OK so you’ve been invited to present to the design team and meet personally with various designers 1-on-1. What should you expect? How should you prepare? Here’s some general tips to help.
* Portfolio presentation: Again, show your best work with more elaboration of process and follow-through. Tell a compelling story that presents your solutions, abilities, and approach. I personally like to see a range, with evidence of sketching :-)
* If you are a junior designer, fresh out of school: expect questions about your short-term goals, your insights from class projects, what you hope to learn, appraisals of your passion/eagerness to learn (as well as for the domain) and specific skills for on-the-ground kinda work (creating deliverables, making presentations, taking direction from senior level folks, handling criticism and ability to grow)
* If you are a mid-level designer, with 3-5 yrs of experience: expect questions about lessons learned in your work, likes/dislikes about project phases and approaches, general career goals/paths, collaboration experiences, areas of growth/learning, evidence of adaptability, dealing with multiple projects.
* If you area senior designer, with 7+ yrs of experience: expect discussions about your design philosophy, principles, career vision/path, strategic thinking about problems, staging conversations with stakeholders (including executives), management/directing of designers and projects, etc.
* For anybody, expect a design exercise as a way to feel firsthand your ability to assess a problem quickly and generate solutions on the fly with input from the interviewers. It’s not really about the solutions per se, but your thinking style and design approaches. Do you like to write a bunch of stuff first or draw a lot of stuff? Are you referencing common patterns and models? Are you drawing logical inferences? Are you pulling creative insights from other domains or samples in your past work? Can you speak clearly and effectively and take criticism well?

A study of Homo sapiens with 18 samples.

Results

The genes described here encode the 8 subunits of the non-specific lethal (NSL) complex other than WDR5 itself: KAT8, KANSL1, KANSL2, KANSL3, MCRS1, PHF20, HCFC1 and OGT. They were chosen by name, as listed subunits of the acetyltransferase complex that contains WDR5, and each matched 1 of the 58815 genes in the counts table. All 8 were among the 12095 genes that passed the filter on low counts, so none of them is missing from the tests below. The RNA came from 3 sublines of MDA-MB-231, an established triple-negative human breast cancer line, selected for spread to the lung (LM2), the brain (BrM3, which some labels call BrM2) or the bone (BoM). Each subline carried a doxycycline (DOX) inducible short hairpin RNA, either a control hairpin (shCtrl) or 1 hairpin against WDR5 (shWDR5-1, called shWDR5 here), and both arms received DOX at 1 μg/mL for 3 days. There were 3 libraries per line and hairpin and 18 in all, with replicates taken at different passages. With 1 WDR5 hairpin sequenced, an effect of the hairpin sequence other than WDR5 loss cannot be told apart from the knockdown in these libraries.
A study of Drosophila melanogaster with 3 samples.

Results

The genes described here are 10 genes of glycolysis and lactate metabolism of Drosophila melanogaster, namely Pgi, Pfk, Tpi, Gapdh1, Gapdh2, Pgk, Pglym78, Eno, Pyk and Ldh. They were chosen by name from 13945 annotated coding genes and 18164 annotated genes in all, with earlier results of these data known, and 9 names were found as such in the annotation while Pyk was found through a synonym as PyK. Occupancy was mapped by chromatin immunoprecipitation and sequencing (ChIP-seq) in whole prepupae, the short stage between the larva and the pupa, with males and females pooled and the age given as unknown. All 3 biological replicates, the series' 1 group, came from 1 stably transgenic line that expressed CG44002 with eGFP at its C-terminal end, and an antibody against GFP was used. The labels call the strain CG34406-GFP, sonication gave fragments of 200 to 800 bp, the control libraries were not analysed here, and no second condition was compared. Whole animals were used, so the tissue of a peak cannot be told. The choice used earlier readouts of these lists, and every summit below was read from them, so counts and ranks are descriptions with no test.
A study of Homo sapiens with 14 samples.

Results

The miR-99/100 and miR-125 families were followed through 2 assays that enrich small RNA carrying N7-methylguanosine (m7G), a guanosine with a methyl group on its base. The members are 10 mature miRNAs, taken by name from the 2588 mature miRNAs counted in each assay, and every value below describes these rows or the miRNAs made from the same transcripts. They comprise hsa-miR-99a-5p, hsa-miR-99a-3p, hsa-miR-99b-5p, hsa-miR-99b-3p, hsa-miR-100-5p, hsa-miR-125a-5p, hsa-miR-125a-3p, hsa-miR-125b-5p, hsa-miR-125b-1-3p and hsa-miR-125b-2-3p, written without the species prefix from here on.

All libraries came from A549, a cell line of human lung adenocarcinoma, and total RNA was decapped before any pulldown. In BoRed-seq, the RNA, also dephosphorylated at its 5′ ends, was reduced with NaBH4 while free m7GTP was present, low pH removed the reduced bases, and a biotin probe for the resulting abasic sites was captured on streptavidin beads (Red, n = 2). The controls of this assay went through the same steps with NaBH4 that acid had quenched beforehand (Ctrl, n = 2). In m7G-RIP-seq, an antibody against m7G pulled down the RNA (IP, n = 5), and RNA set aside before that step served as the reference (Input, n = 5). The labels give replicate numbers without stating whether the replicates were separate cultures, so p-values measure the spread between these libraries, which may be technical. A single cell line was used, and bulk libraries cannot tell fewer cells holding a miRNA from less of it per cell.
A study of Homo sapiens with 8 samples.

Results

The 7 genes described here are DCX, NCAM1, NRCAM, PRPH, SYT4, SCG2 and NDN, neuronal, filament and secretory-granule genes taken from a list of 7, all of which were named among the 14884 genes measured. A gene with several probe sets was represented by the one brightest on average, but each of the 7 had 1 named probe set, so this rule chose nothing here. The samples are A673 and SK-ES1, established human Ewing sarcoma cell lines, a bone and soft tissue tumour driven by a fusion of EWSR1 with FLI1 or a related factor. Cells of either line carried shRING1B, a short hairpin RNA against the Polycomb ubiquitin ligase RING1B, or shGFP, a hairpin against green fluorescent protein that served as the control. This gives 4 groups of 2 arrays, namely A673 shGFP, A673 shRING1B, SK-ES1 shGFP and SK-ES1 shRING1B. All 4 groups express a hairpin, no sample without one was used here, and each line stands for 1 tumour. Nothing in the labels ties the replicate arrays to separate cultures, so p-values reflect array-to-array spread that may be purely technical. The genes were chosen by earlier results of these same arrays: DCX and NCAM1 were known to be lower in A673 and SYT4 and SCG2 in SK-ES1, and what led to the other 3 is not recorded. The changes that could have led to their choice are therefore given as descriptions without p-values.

* And as they always say, be yourself, be authentic and true. Putting on a slick sales job doesn’t help much (unless you’re applying for “evangelist” ;-)
* Finally, if you’re applying for a design position, make sure you really mean it. I know how everybody says they want to do design, research, manage, or somehow avoid “being silo’d” and try to weasel out with some vague, general language when asked “what do you want to do”. Just pick one focus/passion with evidence to back it up. Wanna be a designer? Then man up and show that you deserve to be in that role. (likewise for research, docs/writer, etc.)